The phrase "Old Lady", to refer to girlfriend, wife, or mother, very much appears to have entered the hippie language through Spanish. The male counterpart, "Old Man", for boyfriend, husband, or father, is in considerably less use in Spanish, so this can be said to have been comparatively more popularized by hippie culture. This is in line with the hippie culture's ideal of gender equality, which because Rome is not built in a day, was quite obviously imperfectly realized, taken as a whole.
The term was often employed with the somewhat curious usage of "THE old man" as well as "my old man", reminiscent of "the parental units".
The usage for lover is, at baseline, a term of endearment. However, its base words can carry negative meanings in mainstream culture. The user's mood would be the determining factor if a derogatory meaning was intended.
The usage for parent was a pretty bold statement in the "Father Knows Best" culture the 1960s was attempting to transcend. Users might well be making a statement against the authority invested in parenthood, and less at pains to avoid the negative meaning of the phrases' roots in the mainstream language.
The use in Spanish for the female version extends far beyond the hippie usage, however, reaching many of the same cultural expectations of aged women, and in particular old unmarried women, as in mainstream European/white culture.
The "single woman" aspect appears to also be extended as far as the concept of a "kept woman" or mistress (even if this is merely bragging on the part of the user, and even if the user is bragging about something the listener does not aspire to:)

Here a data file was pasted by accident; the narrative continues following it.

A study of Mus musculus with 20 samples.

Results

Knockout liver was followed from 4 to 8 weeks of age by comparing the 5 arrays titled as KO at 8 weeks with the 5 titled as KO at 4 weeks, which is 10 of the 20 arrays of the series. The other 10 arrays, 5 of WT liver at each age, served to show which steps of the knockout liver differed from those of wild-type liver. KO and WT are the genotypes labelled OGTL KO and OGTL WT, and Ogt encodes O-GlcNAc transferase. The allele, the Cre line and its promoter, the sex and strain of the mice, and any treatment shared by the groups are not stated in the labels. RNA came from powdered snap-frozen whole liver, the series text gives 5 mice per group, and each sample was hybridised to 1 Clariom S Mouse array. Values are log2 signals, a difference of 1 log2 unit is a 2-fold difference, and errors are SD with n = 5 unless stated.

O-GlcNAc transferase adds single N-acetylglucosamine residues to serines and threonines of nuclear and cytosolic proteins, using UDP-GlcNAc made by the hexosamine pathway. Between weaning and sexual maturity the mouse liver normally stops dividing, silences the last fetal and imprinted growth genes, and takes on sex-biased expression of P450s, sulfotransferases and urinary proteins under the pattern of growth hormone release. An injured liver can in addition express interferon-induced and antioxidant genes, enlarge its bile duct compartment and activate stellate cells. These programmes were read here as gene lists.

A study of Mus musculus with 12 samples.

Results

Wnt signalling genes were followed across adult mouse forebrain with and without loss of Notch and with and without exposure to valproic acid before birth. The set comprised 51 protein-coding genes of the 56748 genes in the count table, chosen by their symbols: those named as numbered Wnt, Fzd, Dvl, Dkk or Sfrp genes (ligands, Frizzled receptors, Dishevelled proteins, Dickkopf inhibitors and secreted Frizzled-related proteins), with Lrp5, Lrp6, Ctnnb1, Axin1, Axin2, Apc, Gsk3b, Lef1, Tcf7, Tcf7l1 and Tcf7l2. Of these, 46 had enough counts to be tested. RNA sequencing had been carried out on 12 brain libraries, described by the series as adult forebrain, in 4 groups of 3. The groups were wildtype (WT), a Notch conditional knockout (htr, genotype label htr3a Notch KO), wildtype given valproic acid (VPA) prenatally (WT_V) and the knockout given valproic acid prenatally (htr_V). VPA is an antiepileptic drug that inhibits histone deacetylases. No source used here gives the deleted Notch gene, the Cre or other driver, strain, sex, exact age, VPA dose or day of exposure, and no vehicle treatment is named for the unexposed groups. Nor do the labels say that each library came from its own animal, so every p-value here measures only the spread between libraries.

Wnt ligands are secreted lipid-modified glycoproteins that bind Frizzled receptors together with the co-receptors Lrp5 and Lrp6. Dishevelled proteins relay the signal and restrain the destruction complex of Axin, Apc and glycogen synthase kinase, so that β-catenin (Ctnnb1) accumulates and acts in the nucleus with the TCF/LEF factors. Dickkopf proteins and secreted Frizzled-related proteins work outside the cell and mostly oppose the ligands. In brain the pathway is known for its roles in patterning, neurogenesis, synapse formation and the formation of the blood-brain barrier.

- "In Spanish means old maid or older single woman. In Chicano Slang it is mostly a derogatory term meaning older woman. Also means a tried woman, as in having been through the trials of life and living. Can also mean an older woman of the barrio or older chola."
- "Meant to describe a girlfriend that has stayed by her boyfriend's side through difficult times, with an affectionate undertone. Also, to describe in light, derogatory (sometimes affectionate) terms a tried or worn woman no matter the age, identifying her presumed life experience."
- "When the older cholos referred to their girlfriends, they meant that they've been hanging around for a while. Better translated as 'old lady' as in 'I'm a hang with my old-lady today.' El chango is hanging with his ruca and his kids at the car show.
- "El morro se agarro una bien ruca! (The youngster got himself an older/worn woman!)"
- "She's been smoking since she was a kid, she's only 19 pero ya esta bien ruca. (but she's already old)"
Because so much of hippie culture came from black culture, it is possible this was the main or partial avenue. "Biddy" or biddie for cute young girl or small old woman is a black slang term, probably a revival of the 19th Century revival (indentured Irish domestic servant) of the 18th C English term meaning 'woman'. Interestingly, the name biddy came from "chicken", much as the later hippie term "chick". Word-detective imagines the calling of chickens as the origin, but women "bustling" in the extravagant bustles and sleeves of contemporary dress may also have suggested an image of a chicken. Biddy's use might preclude the use of Old Lady, or they might have been both used.